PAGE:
April 15, 2009, year twenty-three on the job. I’m sitting at my desk, as I’ve done for 5,000 days, when I see a reflection on my computer screen and turn to see that my cubicle is surrounded by upper management, a rag-tag group of men and women varying in height from 4 foot ten to six foot three. My typesetting job had changed over the years until I was simply emailing and posting United Media comics and cartoons on the computer. It was supposed to be a temporary job till I made it big as a playwright, but somehow I had become a genuine professional Typesetter…the Workhorse who showed up every day, rain or shine, who guided the company through three major system upgrades. I considered myself invaluable.
Debbie, the head of my department told me that I was to stop working a go to the conference room where six other stunned employees sat around a table. Carol, the HR Manager told us that we were being laid off. She handed out papers. blah, blah, blah, sign here. Blah, blah, return this and wait for that in the mail. She told us to stop working, pack up our things and leave.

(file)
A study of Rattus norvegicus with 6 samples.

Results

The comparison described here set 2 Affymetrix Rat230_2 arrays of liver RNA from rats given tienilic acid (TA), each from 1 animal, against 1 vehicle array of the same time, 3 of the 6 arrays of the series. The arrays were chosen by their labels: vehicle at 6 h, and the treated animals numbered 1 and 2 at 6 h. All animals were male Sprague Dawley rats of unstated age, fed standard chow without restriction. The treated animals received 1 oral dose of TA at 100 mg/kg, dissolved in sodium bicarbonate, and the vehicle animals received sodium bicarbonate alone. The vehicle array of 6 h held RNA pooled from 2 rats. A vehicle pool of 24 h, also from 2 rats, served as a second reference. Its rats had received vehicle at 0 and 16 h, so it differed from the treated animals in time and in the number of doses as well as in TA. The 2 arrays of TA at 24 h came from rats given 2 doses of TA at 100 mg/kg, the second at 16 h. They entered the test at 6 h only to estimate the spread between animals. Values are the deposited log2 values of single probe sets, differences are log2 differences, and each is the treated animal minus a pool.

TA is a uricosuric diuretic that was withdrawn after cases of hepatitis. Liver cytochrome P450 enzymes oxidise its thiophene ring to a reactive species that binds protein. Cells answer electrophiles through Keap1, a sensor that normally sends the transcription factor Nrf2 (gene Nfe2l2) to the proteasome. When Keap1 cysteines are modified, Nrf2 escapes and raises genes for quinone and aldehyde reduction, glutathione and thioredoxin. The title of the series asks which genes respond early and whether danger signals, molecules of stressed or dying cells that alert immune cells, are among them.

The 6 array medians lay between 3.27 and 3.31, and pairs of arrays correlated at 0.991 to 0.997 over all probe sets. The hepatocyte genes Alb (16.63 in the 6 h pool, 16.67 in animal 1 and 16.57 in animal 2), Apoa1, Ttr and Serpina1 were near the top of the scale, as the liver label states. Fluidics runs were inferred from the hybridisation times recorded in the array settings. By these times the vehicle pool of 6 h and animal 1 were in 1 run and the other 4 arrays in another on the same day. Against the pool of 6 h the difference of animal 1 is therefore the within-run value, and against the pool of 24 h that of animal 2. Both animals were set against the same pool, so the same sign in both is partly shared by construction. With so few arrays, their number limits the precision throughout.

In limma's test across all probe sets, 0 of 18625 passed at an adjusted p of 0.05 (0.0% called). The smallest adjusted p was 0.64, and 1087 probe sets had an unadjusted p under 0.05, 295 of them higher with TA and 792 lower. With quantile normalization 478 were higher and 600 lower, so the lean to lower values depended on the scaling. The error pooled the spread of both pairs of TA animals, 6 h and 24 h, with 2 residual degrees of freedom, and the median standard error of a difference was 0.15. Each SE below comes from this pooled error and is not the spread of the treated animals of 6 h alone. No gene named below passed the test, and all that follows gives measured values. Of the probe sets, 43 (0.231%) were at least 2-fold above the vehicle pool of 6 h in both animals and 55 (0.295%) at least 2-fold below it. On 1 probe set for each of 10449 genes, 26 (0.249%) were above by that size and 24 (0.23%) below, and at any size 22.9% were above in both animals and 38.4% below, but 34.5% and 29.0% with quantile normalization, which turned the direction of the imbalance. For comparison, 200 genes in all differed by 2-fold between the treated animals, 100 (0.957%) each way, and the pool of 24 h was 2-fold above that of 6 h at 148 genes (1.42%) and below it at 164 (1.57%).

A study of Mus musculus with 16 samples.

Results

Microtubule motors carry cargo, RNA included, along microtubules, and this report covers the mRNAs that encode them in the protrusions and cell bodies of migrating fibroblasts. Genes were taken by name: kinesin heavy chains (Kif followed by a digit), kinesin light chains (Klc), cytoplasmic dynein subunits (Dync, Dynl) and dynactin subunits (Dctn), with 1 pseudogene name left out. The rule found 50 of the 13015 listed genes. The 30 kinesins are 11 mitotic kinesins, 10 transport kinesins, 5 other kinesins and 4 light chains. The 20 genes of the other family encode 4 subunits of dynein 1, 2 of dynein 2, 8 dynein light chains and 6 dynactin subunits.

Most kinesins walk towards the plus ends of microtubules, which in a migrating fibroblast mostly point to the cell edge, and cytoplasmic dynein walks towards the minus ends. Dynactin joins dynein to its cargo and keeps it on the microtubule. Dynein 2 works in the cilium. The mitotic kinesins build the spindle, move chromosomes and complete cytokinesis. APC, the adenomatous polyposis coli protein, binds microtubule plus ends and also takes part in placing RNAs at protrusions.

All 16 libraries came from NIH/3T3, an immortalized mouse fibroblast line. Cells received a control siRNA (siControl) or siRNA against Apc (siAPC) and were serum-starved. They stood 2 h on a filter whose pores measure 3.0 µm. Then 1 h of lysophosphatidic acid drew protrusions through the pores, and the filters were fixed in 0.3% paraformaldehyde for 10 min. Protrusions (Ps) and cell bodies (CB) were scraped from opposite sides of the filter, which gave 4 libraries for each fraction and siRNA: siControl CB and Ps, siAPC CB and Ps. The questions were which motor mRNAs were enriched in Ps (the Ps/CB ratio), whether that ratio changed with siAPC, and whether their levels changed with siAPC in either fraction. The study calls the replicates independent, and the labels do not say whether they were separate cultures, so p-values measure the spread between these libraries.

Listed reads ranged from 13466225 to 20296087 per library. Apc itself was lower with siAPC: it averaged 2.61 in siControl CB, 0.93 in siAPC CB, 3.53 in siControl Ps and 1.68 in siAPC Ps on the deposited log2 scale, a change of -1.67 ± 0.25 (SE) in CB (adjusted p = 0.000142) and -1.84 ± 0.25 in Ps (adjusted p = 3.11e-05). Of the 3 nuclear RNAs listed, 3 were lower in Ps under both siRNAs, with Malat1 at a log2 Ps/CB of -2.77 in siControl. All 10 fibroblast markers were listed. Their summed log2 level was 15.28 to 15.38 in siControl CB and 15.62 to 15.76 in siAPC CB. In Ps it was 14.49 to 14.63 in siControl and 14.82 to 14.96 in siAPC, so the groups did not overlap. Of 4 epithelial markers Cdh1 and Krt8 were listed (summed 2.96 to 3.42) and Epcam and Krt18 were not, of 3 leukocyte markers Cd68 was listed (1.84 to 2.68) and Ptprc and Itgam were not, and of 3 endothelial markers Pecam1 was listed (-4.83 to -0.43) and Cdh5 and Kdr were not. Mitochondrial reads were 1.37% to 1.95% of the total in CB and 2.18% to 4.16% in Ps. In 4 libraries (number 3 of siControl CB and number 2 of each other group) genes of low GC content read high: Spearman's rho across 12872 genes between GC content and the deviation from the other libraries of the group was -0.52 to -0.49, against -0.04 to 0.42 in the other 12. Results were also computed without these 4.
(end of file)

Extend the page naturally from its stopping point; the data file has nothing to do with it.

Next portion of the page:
I asked if I was being paid for a full shift. She said yes. I said, “Well, then I’m going to finish my work and make sure everything is in order.” All the rest had left, but management knew they could trust me. So, I returned to my desk and finished up what was on my screen and to do list.
Since I was close to retirement, they gave me this, a gold Dilbert Watch. But the most important thing I took from the office with me was this hundred year putty knife that my Grandfather, the Carpenter had given me. This reminded me that I was a craftsperson, a typesetter, not just a computer operator. I am a craftsman. I know fonts and leading and kerning…and never mind. All that comes with the computer nowadays and the name we had for newspapers: “Dead Wood” meaning paper, becomes more and more true every day.